NZ First are on their own calling for a referendum on decriminalising cannabis

By August 22, 2016 Recent News

Stuff 16 August 2016
The majority of Kiwis are calling for cannabis to be decriminalised but there’s almost no appetite for a referendum from political leaders.

Prime Minister John Key says a referendum on decriminalising cannabis isn’t on the Government agenda and if Labour were to win in 2017, it wouldn’t be on theirs either.

Key said while it’s interesting to have a poll on decriminalising cannabis – ultimately it would lead to cannabis stores on the street corner.

“You show me the communities who want to put up their hand and say I want a tinny house at the end of my street.”

The only party supporting putting the question to the public is NZ First – who has a long standing position to use referendums to decide controversial issues.

Labour leader Andrew Little says he personally doesn’t think cannabis decriminalisation would work as a policy and the party has no plans to carry one out if in Government.

This won’t be music to the Green Party’s ears who don’t think a referendum is needed but instead want a Government bill on legalising cannabis, which would provide an opportunity for public submissions.

Greens health spokesman Kevin Hague said a recent poll that revealed 64 per cent of Kiwis thought personal possession of a small amount of cannabis should be either decriminalised or legal, showed it was time to have a proper debate on the issue.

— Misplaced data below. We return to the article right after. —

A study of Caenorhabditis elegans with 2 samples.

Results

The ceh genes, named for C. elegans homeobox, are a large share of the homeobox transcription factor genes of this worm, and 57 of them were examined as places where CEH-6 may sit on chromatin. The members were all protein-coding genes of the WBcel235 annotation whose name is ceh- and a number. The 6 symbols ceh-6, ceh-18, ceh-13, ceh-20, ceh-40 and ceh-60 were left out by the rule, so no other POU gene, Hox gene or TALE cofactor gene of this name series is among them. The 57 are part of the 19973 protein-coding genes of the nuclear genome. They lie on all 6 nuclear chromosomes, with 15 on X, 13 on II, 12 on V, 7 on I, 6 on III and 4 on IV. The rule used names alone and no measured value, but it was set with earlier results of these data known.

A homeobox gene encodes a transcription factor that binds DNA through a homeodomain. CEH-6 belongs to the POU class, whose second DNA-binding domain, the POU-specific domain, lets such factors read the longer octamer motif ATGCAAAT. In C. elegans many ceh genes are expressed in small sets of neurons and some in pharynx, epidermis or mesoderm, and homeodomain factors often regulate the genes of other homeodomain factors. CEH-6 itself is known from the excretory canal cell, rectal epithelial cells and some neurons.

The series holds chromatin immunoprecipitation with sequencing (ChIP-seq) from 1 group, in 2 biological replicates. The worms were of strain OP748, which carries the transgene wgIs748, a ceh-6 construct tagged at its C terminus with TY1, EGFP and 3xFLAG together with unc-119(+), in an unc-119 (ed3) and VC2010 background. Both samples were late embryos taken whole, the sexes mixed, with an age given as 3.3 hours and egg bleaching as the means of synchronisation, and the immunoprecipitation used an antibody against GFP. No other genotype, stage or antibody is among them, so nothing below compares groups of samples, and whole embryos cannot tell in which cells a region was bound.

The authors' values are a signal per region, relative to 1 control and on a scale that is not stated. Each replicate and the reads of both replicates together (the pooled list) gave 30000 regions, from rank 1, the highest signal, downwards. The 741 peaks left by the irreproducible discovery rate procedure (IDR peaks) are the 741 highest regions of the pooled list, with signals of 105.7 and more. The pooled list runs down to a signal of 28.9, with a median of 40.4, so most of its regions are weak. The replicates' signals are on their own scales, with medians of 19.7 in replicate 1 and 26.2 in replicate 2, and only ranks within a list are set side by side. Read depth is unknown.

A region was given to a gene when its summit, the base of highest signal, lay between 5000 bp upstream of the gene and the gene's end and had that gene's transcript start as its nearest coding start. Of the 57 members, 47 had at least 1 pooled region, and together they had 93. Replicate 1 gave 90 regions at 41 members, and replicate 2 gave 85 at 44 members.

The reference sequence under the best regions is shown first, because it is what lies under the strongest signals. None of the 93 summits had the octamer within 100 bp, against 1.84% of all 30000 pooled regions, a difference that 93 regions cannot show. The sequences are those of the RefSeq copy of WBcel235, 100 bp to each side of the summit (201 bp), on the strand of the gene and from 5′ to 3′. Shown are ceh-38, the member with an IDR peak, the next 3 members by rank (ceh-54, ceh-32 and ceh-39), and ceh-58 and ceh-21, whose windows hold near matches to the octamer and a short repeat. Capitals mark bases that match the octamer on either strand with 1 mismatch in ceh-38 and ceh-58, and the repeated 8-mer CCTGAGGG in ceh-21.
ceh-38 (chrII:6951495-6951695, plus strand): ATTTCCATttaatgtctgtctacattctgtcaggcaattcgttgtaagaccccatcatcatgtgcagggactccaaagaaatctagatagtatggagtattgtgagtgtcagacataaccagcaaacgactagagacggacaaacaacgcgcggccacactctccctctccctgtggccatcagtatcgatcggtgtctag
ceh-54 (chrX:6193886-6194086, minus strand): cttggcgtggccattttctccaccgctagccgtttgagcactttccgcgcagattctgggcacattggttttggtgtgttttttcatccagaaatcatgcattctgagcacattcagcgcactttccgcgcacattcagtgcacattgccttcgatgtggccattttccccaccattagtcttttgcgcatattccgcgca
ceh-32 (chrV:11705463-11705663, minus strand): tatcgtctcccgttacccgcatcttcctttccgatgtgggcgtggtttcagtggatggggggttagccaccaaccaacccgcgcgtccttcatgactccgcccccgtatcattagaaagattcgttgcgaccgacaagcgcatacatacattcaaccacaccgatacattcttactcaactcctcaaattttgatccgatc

“I’m looking forward to the day the Green Party is part of a Government and we’ll be advocating for that.”

However, Little said legalisation isn’t an option for Labour and a referendum on decriminalisation isn’t on the table either.

“We’ve been clear about our priorities, and actually I don’t think the Greens will even disagree that the types of priorities we’re talking about are their priorities too. We can have a talk about it but what it will come down to are what the priorities are now.”

Government support partners, UnitedFuture and ACT don’t favour a referendum on the issue.

If there was a citizen-initiated referendum, UnitedFuture leader Peter Dunne said he wouldn’t oppose it but “it’s not a priority”.

ACT leader David Seymour said referendums are a “cop out” and he can’t recall any problem in the country ever being solved through the public process.

“What the polls show is while there’s a lot of sympathy for medicinal marijuana, there’s actually not a lot of sympathy for anything else in terms of reform,” he said.

Maori Party co-leader Marama Fox says her party supports broadening access to medicinal cannabis and would like to see a “wider debate” on decriminalisation.

She wouldn’t be drawn on a referendum for decriminalisation until she discussed it with the rest of the party.

“Personally I’m not sure a referendum would be that helpful. It’s pretty polarising one way or the other and I think the discussion is what’s needed rather than putting everyone into a corner.”

Peters said holding referendums is a much better process than giving MPs, “many who are disconnected from how the public feels,” the power to decide.